Industry News

Federal suit asks South Carolina to overturn regulation concerning plant shipments.

Kelli Rodda | March 9, 2010

The California Association of Nurseries and Garden Centers (CANGC) and the Oregon Association of Nurseries (OAN) are suing the State of South Carolina and the South Carolina Department of Agriculture. The suit seeks to overturn a new regulation aimed at blocking California and Oregon nursery growers from shipping plants to that state.
Last year, the South Carolina Assembly passed legislation that limits California and Oregon growers from shipping to that state unless they comply with additional inspection, documentation and advance notice requirements which overstep the federal rules concerning Phytophthora ramorum. Nurseries in Oregon and California have had their shipments blocked or plants destroyed as a result of the regulation.
The suit challenges that state’s regulation as unconstitutional. “It is disappointing that the South Carolina Department of Agriculture, which runs programs to promote its home-state products for sale in other states as well as at home, chose to follow this path,” said Robert Dolezal, CANGC’s executive vice president.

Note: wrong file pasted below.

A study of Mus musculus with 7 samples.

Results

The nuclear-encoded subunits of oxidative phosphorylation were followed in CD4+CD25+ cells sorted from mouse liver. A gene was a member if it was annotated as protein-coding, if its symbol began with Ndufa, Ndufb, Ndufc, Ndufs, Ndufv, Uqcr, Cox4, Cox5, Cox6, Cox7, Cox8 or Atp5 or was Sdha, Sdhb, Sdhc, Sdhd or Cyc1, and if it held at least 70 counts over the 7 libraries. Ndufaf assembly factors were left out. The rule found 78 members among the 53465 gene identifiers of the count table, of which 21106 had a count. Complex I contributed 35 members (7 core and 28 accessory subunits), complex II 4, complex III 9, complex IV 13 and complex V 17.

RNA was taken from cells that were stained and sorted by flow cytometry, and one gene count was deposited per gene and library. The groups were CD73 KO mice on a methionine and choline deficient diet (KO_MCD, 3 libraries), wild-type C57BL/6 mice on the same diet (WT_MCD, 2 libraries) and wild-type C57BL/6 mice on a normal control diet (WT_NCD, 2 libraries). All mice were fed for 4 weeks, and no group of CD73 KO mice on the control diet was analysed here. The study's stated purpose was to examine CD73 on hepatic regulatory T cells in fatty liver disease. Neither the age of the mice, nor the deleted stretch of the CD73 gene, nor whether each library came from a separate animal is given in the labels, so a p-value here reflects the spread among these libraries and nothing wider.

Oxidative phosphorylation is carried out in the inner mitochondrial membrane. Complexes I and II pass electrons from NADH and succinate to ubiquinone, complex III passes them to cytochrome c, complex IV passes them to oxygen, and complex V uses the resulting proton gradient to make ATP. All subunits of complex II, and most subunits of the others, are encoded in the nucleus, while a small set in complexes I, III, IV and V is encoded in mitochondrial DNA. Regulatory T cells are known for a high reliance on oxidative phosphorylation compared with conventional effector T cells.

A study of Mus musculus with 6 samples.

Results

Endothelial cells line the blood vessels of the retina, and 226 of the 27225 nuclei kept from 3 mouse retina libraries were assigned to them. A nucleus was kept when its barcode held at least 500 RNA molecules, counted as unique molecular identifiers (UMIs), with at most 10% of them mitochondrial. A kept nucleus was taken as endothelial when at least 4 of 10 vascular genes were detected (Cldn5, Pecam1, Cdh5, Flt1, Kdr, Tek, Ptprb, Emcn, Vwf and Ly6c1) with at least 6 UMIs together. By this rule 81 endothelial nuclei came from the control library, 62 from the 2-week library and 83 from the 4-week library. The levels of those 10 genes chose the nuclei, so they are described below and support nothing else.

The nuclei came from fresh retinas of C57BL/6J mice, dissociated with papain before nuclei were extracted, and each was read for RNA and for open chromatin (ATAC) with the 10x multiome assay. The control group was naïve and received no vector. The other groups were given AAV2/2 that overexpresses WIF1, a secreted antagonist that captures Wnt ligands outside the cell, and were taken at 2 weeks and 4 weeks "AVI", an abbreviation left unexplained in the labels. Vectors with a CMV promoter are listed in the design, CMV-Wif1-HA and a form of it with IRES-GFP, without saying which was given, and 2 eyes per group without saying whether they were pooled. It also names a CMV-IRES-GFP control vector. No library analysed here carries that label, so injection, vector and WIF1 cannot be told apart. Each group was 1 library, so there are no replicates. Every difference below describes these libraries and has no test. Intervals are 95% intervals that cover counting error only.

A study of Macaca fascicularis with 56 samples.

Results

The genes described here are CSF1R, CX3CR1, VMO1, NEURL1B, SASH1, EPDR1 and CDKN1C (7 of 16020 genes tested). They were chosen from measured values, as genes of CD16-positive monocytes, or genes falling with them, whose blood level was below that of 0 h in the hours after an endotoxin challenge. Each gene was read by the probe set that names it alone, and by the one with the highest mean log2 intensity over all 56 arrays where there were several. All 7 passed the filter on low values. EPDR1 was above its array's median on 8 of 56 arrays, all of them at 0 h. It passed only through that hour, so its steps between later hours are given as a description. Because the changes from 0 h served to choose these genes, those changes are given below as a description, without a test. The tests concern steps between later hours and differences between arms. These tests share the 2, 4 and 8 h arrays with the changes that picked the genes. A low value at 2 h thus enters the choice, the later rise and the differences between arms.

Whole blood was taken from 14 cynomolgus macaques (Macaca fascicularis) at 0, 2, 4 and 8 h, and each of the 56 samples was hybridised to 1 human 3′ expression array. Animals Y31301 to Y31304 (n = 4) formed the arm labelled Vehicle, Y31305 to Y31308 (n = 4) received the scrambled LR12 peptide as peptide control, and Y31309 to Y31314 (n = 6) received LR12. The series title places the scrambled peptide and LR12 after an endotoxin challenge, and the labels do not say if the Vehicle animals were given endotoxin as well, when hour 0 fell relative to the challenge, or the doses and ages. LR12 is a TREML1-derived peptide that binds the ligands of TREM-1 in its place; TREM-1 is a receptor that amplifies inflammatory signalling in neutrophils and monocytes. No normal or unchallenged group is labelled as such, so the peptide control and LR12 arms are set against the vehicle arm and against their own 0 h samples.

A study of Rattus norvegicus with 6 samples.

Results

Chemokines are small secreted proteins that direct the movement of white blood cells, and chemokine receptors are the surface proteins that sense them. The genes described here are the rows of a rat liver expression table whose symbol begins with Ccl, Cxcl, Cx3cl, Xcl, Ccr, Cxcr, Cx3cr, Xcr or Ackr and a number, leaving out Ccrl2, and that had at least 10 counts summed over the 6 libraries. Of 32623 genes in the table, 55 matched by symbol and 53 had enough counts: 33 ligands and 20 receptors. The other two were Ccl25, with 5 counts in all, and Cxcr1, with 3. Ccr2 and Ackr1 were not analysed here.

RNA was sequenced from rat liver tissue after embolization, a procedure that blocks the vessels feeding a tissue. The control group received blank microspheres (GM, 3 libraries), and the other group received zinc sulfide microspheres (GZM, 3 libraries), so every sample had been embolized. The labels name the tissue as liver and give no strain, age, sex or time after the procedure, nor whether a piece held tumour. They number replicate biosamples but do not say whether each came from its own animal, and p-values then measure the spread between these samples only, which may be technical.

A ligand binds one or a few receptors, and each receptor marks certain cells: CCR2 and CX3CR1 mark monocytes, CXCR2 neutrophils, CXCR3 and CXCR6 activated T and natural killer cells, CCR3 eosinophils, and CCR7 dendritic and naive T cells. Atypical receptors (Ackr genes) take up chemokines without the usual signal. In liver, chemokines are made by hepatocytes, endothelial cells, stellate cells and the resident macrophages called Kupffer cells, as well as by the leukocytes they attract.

States are prohibited from taking such steps under the Supremacy Clause of the U.S. Constitution and the U.S. Plant Protection Act, which gives the federal government the exclusive power to protect plants sold in interstate commerce.
“Nurseries take very seriously the threat of plant diseases,” said OAN executive director John Aguirre. “Over 70 percent of Oregon's nursery sales are destined for buyers outside our state. Oregon growers cannot allow states to violate federal law in an effort to close their markets to our growers.”
In 2004, the CANGC successfully sued the State of Kentucky under similar circumstances. “Despite that precedent, our polite requests were ignored and we had no other option but to defend our nurseries from being cut off from their customers in South Carolina,” Dolezal said.